This Sunday, KCET is taking a break from its usual programming of British people, world news and L.A. life to instead offer you some Halloween merriment in the form of flesh-eating ghouls. Yes, it's the original "Night of the Living Dead," the 1968 horror film that helped establish zombies as part of American pop culture.
Watch the trailer here -- and be forewarned that what you're about to see includes scenes of messy humans eating, messy human-eating and one (1) bare human bottom:
Even if you haven't seen it -- or haven't seen one of its descendants, such as "The Walking Dead" -- you probably know the rules: If a zombie bites you, you become a zombie, at which point you shuffle about the Earth in an endless effort to satisfy your hunger for fresh human flesh. (Zombies sure are picky-eaters, when you think about it.) That's pretty much common knowledge at this point. But here are some trivia bits that you maybe didn't know. (Full disclosure: IMDb trivia was totally our jumping off point for this list for giving us a jumping off point for this list. There's more there! Have a look!)
- Don't worry about this being a blood-soaked affair. Thanks to the magic of black and white film, director George Romero and crew could just use Bosco-brand chocolate syrup -- the same substance that Alfred Hitchcock used to stain the shower in "Psycho."
- Even though this film is a cornerstone of American zombie culture, the word "zombie" isn't used once. The term is widely known today, however, and according to Etymonline, it's been used to mean "a slow-witted person" since 1936!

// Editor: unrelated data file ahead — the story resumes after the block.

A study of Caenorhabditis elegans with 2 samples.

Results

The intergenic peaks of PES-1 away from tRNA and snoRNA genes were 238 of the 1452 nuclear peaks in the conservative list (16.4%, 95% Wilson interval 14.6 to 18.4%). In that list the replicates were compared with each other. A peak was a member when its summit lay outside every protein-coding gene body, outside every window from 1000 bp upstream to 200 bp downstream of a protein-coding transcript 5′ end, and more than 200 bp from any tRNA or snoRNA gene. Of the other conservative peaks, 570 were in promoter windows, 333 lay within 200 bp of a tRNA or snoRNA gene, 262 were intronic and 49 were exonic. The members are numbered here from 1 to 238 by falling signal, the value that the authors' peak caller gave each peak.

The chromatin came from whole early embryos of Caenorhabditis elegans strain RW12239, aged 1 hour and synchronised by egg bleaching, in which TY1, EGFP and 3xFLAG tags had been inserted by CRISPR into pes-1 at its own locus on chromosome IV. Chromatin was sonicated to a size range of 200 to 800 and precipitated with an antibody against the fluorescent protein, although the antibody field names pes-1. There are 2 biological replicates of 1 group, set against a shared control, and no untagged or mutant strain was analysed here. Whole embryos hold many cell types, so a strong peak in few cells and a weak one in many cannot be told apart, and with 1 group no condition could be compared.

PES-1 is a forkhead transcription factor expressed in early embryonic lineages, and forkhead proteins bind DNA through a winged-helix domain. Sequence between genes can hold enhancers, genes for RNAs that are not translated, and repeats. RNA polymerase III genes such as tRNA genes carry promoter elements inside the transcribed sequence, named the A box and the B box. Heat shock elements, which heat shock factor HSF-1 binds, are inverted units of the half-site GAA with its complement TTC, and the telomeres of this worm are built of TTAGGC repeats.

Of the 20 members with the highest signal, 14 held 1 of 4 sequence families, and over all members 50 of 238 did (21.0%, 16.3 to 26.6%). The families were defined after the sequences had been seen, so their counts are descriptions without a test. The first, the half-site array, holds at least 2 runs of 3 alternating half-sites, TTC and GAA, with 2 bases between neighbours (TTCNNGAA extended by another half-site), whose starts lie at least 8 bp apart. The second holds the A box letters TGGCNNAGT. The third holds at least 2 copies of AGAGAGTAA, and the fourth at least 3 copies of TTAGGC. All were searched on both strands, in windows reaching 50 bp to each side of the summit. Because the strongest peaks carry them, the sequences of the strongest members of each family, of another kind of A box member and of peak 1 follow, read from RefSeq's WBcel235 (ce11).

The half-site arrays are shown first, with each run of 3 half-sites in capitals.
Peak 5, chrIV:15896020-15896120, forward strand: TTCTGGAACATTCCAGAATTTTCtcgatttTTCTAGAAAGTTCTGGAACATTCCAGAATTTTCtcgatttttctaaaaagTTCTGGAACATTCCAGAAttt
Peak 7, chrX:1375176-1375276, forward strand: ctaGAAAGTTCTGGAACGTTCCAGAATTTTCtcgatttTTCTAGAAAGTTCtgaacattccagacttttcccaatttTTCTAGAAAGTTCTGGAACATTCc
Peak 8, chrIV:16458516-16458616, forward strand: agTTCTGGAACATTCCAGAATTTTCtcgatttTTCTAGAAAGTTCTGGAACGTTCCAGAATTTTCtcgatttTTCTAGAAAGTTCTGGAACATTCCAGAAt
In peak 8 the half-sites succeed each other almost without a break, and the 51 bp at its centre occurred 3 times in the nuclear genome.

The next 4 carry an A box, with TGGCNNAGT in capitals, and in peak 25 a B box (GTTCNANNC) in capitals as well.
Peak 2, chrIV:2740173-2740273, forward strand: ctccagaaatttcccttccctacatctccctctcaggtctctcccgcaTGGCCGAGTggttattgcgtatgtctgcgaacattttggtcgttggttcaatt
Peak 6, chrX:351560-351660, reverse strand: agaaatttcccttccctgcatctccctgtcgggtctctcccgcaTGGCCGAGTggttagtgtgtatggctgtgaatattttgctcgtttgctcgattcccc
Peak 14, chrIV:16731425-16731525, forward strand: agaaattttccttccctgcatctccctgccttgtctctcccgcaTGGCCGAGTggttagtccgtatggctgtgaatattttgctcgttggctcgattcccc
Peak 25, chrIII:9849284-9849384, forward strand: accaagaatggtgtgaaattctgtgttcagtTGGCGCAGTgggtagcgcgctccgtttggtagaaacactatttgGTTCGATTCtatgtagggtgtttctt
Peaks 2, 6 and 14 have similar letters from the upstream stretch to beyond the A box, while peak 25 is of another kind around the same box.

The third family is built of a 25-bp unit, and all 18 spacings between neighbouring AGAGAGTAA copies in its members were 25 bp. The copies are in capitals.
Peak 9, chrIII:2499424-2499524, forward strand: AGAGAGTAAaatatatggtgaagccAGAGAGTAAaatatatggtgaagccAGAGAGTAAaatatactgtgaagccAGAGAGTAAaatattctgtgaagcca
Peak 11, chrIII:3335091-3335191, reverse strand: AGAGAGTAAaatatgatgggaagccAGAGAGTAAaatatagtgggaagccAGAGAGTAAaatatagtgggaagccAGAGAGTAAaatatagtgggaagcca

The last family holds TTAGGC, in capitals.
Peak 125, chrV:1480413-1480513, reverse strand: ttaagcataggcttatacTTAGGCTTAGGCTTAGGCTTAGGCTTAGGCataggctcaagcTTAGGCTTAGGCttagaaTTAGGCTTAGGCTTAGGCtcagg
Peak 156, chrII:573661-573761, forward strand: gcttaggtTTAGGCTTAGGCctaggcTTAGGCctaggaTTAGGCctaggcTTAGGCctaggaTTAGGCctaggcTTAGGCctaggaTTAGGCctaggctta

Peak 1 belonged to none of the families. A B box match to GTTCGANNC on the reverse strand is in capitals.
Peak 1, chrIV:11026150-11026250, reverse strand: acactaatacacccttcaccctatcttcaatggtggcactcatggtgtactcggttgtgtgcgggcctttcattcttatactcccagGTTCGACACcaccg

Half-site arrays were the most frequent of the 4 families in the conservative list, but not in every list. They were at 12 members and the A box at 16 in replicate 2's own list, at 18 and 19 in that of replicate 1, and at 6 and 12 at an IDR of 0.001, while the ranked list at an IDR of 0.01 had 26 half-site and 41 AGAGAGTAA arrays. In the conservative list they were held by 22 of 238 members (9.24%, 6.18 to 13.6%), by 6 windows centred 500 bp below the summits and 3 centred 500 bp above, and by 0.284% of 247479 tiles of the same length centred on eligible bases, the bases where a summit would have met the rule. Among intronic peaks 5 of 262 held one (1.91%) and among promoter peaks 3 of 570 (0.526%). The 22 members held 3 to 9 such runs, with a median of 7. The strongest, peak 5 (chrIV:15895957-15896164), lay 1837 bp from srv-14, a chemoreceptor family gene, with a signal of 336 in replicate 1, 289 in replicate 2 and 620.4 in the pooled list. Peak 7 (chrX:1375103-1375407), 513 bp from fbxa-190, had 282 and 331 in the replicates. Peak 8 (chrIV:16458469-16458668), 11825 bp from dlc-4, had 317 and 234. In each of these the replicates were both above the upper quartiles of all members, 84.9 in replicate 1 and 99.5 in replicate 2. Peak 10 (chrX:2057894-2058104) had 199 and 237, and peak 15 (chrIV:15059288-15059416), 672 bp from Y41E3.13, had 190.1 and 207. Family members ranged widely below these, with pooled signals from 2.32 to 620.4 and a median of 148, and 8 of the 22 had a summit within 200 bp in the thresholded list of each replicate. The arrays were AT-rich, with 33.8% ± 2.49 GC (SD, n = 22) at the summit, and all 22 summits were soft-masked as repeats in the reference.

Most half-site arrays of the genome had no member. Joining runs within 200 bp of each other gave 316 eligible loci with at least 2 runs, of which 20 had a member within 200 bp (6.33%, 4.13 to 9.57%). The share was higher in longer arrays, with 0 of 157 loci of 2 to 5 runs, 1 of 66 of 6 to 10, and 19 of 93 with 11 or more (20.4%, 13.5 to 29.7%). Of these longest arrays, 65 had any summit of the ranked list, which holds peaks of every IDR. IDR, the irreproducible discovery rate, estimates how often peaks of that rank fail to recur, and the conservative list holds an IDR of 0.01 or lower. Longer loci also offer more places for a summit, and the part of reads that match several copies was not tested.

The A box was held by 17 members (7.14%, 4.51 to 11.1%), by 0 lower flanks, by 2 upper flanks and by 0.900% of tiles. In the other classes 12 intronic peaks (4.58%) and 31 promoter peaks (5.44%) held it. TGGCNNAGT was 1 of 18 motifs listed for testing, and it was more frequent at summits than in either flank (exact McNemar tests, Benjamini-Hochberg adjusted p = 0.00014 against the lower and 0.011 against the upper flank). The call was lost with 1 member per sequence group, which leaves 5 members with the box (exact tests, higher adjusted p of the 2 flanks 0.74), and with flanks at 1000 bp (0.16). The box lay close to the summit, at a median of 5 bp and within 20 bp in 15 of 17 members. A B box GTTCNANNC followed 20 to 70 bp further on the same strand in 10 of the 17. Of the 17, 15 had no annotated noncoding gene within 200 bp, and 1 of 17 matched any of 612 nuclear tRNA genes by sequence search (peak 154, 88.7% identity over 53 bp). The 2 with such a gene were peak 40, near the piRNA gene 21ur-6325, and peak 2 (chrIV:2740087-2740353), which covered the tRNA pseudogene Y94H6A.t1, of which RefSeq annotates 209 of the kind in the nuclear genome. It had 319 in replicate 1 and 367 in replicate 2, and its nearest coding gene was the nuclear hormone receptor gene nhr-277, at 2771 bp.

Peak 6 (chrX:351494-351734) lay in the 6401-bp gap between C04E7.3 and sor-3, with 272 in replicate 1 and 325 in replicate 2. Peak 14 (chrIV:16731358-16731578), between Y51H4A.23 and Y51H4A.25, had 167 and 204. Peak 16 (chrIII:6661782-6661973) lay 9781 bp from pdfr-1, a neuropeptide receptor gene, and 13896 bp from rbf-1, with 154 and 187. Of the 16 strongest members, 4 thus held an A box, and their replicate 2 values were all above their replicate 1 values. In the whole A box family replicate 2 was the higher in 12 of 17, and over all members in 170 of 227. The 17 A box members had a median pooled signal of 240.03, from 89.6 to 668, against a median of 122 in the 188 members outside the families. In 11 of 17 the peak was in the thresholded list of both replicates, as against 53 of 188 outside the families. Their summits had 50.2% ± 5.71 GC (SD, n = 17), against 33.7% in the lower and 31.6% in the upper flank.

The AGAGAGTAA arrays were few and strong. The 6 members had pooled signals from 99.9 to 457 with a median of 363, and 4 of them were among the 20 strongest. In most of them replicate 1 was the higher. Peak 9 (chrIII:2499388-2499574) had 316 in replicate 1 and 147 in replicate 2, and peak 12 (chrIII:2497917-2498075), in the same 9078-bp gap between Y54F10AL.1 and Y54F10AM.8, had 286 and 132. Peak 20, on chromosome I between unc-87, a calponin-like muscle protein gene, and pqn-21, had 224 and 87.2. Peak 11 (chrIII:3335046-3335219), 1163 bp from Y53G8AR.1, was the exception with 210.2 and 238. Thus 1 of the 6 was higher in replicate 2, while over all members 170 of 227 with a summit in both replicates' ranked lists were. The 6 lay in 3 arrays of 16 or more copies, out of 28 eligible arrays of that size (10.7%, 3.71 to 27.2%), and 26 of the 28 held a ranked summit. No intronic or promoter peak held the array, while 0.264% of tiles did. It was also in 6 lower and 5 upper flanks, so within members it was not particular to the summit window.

- Among working titles for the film: "Monster Flick," "Night of the Flesh-Eaters" and "Night Anubis," the last being a reference to the jackal-headed Egyptian god of embalming, mummification and the afterlife. Let's be glad they changed that.
- "Night of the Living Dead" was filmed in Evans City, Pennsylvania, and the city's actual cemetery served as the setting for the first scene of the film. When Tom Savini directed the 1990 remake of "Living Dead," he tried to once again film it in Pennsylvania. While he succeeded, he allegedly was unable to use the original cemetery because a tornado had torn through in 1985 and, in the process, uprooted some of the headstones and destroyed some of the iconic structures. Though the cemetery was rebuilt, it's kind of symbolic, isn't it, this upturning of graves?
- Karl Hardman, who plays Harry in the film, was the real-life father of Kyra Schon, who plays his daughter in the film. Contrary to popular belief, he's actually not married to Marilyn Eastman, who plays his wife, Helen, in the film.
- The corpse eyes? Ping pong balls. You have to love the ingenuity.
- "Night of the Living Dead" is one of the most widely distributed films on home video. And while it's a great horror flick, that's not the only reason: It's also public domain. When the film was released, it lacked a copyright notice. The distributor had placed the legal boilerplate on a copy of the film back when it was still called "Night of the Flesh Eaters." When the title changed, those frames were removed but were never replaced.
- Though controversial when it first hit theaters, "Night of the Living Dead" was inducted into the National Film Registry in 1999 on grounds that it was "culturally, historically or aesthetically significant." Other films inducted that year? "The Ten Commandments," "Raiders of the Lost Ark," "Roman Holiday," "Do the Right Thing," "A Streetcar Named Desire" and "Kiss Me Deadly."
- The famous trowel? The one used in that most disturbing of scenes? It was purchased by a superfan and today remains in a private collection.